A small group of eager museum visitors stand in a dimly lit lobby with their faces upturned, the room full of anticipation as they stare at a screen on which actors such as Tracy Morgan, Dana Carvey and Alec Baldwin narrate stills and clips from comedy sketches throughout the years.
The video describes these actors’ experiences on “Saturday Night Live,” and when it finishes, the screen goes dark and a pair of elevator doors slide open, welcoming the attendees to “Saturday Night Live: The Experience.”
Housed at the Museum of Broadcast Communications, 360 N. State St., through the end of December 2018, “Saturday Night Live: The Experience” is a traveling exhibition that documents a typical production week on the show. Chicago is the second stop on the exhibition’s tour, which began in New York City in June 2015.
The exhibition is home to original costume and set pieces from throughout the show’s run, including items as old as John Belushi’s bee costume from the 1976 “Killer Bees” sketch and as recent as the podium and Easter Bunny costume Melissa McCarthy used to portray former White House Press Secretary Sean Spicer.
Visitors can walk through an “SNL” production week, beginning on Monday, when cast members meet that week’s host, to Saturday night—after scripts have been written and rewritten, sets have been constructed and painted, and costumes have been put together.
“You really get a better understanding of how they put [it] all together in under a week,” said Toni Kruger, an administrative assistant from Loves Park, Illinois, who attended the exhibition with her family. “It’s amazing they do that much work and it comes out live every week.”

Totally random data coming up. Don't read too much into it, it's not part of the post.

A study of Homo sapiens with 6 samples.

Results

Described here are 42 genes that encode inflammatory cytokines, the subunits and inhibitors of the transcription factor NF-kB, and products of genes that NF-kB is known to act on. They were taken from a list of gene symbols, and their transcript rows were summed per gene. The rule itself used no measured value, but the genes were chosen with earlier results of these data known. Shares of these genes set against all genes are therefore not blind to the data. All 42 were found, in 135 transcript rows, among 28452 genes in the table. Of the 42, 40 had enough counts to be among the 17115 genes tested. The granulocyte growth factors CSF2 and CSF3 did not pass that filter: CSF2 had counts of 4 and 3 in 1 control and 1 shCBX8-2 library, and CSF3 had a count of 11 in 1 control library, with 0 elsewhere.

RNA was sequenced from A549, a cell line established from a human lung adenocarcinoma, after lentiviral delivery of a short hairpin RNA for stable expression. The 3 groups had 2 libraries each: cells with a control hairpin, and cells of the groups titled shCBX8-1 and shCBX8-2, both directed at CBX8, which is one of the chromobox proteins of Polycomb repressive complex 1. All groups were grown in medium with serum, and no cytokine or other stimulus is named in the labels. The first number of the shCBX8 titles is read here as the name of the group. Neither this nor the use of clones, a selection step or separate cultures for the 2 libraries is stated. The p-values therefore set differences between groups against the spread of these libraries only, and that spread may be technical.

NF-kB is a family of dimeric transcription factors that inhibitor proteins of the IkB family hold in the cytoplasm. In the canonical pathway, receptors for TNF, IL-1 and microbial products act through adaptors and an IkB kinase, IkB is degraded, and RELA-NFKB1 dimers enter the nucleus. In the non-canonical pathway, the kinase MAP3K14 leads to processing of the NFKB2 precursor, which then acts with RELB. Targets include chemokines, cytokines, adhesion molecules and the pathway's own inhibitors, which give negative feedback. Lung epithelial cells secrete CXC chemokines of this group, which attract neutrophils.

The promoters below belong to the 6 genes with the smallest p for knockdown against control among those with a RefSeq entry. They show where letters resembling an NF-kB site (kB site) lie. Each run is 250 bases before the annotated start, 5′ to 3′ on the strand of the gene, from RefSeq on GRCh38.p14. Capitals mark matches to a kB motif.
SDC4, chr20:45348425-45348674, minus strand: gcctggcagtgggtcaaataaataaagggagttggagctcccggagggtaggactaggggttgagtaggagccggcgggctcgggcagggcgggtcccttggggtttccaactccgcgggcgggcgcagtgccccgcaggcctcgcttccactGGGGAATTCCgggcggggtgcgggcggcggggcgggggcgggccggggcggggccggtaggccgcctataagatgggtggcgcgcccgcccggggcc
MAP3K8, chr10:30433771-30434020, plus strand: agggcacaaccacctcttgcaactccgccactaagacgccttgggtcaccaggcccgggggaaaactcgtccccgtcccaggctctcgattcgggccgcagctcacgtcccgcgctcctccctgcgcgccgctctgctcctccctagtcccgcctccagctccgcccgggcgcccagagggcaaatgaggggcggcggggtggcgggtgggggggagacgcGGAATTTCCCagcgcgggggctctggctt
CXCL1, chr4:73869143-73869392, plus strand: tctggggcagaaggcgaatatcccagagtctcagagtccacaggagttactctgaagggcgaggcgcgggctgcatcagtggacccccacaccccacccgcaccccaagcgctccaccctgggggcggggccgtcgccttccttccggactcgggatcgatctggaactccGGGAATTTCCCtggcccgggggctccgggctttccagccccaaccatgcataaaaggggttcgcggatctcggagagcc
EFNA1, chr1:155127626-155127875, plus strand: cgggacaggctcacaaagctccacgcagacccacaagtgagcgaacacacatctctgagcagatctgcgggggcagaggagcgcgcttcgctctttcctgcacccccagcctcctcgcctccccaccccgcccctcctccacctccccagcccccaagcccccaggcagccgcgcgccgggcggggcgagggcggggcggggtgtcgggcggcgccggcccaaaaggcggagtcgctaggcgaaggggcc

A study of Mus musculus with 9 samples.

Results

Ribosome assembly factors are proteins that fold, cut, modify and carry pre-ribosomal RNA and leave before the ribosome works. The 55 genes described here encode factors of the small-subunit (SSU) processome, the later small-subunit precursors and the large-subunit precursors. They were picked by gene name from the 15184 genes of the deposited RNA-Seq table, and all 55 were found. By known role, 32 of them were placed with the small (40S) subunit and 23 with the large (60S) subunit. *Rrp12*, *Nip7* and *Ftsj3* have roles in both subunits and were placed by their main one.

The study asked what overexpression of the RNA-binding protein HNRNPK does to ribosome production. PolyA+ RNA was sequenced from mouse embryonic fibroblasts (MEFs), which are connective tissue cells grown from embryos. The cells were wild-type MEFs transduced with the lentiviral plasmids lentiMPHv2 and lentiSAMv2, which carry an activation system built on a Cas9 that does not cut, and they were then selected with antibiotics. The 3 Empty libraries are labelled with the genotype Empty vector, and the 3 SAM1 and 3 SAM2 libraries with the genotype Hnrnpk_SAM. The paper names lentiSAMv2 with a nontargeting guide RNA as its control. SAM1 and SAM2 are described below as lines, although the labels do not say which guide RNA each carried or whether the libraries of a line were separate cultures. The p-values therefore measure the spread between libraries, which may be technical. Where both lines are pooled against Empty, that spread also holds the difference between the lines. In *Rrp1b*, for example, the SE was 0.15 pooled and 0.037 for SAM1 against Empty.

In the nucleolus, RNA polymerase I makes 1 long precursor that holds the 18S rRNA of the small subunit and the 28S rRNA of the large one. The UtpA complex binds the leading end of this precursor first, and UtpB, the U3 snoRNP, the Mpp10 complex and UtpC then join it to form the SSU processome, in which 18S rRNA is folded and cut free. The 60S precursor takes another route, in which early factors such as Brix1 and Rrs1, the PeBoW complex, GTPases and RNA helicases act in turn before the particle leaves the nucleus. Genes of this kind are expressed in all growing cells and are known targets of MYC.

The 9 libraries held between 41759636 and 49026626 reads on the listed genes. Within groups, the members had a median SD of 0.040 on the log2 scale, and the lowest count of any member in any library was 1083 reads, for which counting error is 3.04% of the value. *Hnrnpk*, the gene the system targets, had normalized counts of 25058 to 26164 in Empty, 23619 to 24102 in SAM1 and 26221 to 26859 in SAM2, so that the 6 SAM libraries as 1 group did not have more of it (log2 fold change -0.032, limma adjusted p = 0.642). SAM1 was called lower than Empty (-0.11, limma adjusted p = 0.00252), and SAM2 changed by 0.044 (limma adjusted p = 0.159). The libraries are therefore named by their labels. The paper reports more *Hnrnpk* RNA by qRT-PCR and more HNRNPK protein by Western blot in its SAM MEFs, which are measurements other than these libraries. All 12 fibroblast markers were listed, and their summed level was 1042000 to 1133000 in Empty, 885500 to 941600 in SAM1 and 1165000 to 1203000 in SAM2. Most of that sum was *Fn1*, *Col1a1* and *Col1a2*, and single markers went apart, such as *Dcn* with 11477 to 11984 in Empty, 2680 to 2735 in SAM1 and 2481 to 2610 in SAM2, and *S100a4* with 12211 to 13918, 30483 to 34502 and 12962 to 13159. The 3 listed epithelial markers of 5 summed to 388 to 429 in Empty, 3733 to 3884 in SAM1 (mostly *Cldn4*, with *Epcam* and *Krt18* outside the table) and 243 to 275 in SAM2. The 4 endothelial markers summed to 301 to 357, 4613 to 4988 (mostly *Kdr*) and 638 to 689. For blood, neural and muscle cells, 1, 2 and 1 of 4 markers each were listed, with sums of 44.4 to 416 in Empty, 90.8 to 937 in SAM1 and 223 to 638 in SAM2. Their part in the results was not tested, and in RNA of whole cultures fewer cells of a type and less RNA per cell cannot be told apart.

The shared interest between Kruger, 53, and her two children, 19 and 24, is indicative of exactly what makes the exhibition’s nontraditional setup so accessible. According to Justin Kulovsek, vice president of Innovation at the Museum of Broadcast Communications, visitors like the Krugers show how the exhibition offers something for viewers of all ages.
“The Monday-through-Saturday setup really makes the exhibit generational,” Kulovsek said. “A grandparent, a parent and a grandkid could all come together and walk through, and it’s not, ‘Oh, this is a ‘70s gallery; I don’t care.’”
Sean Cusick, an adjunct professor in the Cinema and Television Arts Department who teaches in the advanced sketch writing program, said he appreciates how the layout of the museum brings attention to the behind-the-scenes work that goes into a show like “SNL.”
“Comedy is hard,” he said. “People don’t realize how much work has to go into, first of all, producing a live television show, [and] secondly, producing comedy.”
Shows like “SNL” are making the relentless 24-hour news cycle more palatable for their viewers, Cusick said. That makes those shows exciting and attractive career options to his students, he added.
“Saturday Night Live: The Experience” makes the behind-the-scenes work and history of the show as palatable as the show itself makes the news, Kulovsek said.
“[I hope] people walk away from here saying, ‘I not only learned a little, but I had a lot of fun,’” he said.